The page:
Offers Games, Food And Trips

Not every kid in New York City gets the chance to go camping in a real log cabin, but kids who enrolled in the 83rd Precinct’s summer camp program have gotten to do just that.

The summer camp brings together about 40 kids ages seven to 12 and a handful of officers from the 83rd Precinct for eight weeks of games, field trips and learning, according to P.O. Melvin Kendall, the precinct’s youth officer.

In the past, activities included basketball tournaments board game competitions and field trips to Ripley’s Believe It Or Not, the Police Museum and Coney Island, Kendall said.

The program is fun, keeps kids out of trouble during the summer and is a great deal, he said. While some summer camp programs can cost more than $1,000, the 83rd Precinct’s summer camp is just $250 for the whole summer, and lunch is provided through the Board of Education, Kendall explained. Additional funding comes from City Council Member Diana Reyna’s office, he said.

Barbara Smith, president of the 83rd Precinct Community Council said her grandson enrolled in the camp last summer.

Kids see the police in a different light and gain respect for them, she explained.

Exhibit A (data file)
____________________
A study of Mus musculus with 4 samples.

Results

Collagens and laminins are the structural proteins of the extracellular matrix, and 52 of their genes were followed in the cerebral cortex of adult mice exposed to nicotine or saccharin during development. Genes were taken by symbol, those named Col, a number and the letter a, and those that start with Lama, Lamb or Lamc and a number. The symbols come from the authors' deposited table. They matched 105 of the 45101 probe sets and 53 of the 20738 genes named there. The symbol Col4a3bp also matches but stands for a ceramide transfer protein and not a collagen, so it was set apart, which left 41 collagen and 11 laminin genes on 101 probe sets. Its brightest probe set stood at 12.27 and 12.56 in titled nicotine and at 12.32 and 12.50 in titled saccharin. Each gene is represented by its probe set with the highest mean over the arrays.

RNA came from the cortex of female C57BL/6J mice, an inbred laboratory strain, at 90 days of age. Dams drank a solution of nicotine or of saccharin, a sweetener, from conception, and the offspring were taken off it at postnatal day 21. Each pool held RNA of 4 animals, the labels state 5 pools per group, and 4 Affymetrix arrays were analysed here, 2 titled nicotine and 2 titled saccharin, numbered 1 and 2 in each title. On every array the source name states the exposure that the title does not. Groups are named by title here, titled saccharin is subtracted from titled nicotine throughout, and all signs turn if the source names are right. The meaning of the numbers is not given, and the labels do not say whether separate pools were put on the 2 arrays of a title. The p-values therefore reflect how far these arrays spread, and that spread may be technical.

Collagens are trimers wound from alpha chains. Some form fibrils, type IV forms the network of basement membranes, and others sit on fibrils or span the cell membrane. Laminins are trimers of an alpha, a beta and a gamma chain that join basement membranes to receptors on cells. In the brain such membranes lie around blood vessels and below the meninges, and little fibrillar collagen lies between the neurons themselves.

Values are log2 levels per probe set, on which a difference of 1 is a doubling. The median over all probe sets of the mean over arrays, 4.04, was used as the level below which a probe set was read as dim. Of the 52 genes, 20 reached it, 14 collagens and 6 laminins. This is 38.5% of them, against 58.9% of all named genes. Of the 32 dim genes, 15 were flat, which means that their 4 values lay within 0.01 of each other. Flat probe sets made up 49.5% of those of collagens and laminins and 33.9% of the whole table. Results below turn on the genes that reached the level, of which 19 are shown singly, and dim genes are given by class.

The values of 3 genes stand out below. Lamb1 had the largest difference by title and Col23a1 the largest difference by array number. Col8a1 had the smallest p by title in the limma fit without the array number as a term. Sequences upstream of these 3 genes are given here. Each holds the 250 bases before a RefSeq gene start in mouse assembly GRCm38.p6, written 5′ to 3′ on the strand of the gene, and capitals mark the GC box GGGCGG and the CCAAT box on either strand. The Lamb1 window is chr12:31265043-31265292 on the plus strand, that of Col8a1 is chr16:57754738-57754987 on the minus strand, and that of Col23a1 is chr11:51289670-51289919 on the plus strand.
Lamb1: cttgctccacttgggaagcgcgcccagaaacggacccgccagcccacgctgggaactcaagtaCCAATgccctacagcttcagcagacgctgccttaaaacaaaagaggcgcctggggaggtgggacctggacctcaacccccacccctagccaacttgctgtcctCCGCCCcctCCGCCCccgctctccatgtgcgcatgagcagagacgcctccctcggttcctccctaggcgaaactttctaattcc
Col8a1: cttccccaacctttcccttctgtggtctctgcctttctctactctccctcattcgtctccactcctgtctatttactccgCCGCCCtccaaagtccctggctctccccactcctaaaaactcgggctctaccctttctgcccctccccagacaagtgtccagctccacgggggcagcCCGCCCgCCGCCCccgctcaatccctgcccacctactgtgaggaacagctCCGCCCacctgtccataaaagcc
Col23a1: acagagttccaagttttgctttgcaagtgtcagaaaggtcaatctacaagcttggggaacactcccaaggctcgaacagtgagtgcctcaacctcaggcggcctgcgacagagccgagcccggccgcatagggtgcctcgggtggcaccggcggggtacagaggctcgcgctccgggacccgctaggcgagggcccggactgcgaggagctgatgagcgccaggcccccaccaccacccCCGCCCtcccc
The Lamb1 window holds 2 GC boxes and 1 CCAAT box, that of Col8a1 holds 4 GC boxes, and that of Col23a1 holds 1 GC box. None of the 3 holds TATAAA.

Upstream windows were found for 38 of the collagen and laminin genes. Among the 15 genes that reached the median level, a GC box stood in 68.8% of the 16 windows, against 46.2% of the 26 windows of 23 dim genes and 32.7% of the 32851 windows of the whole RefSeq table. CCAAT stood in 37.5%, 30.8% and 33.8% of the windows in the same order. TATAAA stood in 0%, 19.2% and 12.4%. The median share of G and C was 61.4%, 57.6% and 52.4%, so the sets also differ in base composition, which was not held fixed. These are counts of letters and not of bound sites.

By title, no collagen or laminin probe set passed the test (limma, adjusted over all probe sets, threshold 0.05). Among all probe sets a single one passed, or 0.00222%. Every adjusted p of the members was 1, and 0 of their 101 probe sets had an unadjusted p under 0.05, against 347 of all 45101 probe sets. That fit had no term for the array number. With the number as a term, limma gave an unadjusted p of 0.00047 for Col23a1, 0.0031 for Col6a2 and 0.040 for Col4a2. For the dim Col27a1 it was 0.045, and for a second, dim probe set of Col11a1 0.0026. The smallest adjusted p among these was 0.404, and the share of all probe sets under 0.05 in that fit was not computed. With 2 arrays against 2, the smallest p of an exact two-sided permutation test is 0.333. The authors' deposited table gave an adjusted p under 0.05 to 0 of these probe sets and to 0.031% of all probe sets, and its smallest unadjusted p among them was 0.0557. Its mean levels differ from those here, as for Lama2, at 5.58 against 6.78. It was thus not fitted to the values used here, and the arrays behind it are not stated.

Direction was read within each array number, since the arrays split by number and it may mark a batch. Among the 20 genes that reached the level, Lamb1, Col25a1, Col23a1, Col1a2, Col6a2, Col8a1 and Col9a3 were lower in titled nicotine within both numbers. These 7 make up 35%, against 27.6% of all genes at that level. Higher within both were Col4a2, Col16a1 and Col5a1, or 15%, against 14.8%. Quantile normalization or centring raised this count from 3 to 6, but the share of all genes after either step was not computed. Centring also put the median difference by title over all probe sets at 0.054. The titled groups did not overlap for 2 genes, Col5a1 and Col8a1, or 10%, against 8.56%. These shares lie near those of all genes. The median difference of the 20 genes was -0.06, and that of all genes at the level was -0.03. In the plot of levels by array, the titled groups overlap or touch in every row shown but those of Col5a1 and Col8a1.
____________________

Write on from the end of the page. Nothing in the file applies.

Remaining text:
“We’re forging a relationship, so when kids get older, they have a bet- ter working relationship with us,” Kendall said.

The camp has been serving sevento 12-year-olds for more than a decade, according to Kendall.

P.O. Sully Ceballos, who worked at the camp last year and plans to do so again this summer, said she tries to gear some activities toward girls too.

“I’m a female and a mom, so I want to connect with these girls,” she explained.

Ceballos said she brought beauty supplies one day and the girls did one another’s hair and makeup. Another time, she brought a radio and they had a dance party.

Ceballos said one camper who really stood out was a 12-year-old girl who just didn’t want to be there. Ceballos said the girl was miserable until she started gearing activities toward female campers. Ceballos said the girl enjoyed the hair and makeup activities, and she encouraged her to apply to the Fashion Institute of Technology’s high school and precollege program. The girl was accepted and still comes to the precinct to visit with Ceballos though she is now too old for the camp.

Kendall said other ex-campers come back as counsellors when they reach the age of 15-the minimum age to volunteer at the camp.

Many of the camp’s games and gear are donated, and those interested in making donations can contact Kendall at 718-574-1735. The precinct also accepts monetary donations to help fund campers who could otherwise not afford it, he said.

The program is a registered nonprofit organization, and donations are tax-deductible, according to Kendall.

The deadline to apply for camp is June 27, and registration is firstcome, first served, so interested families should register as soon as possible, Kendall said.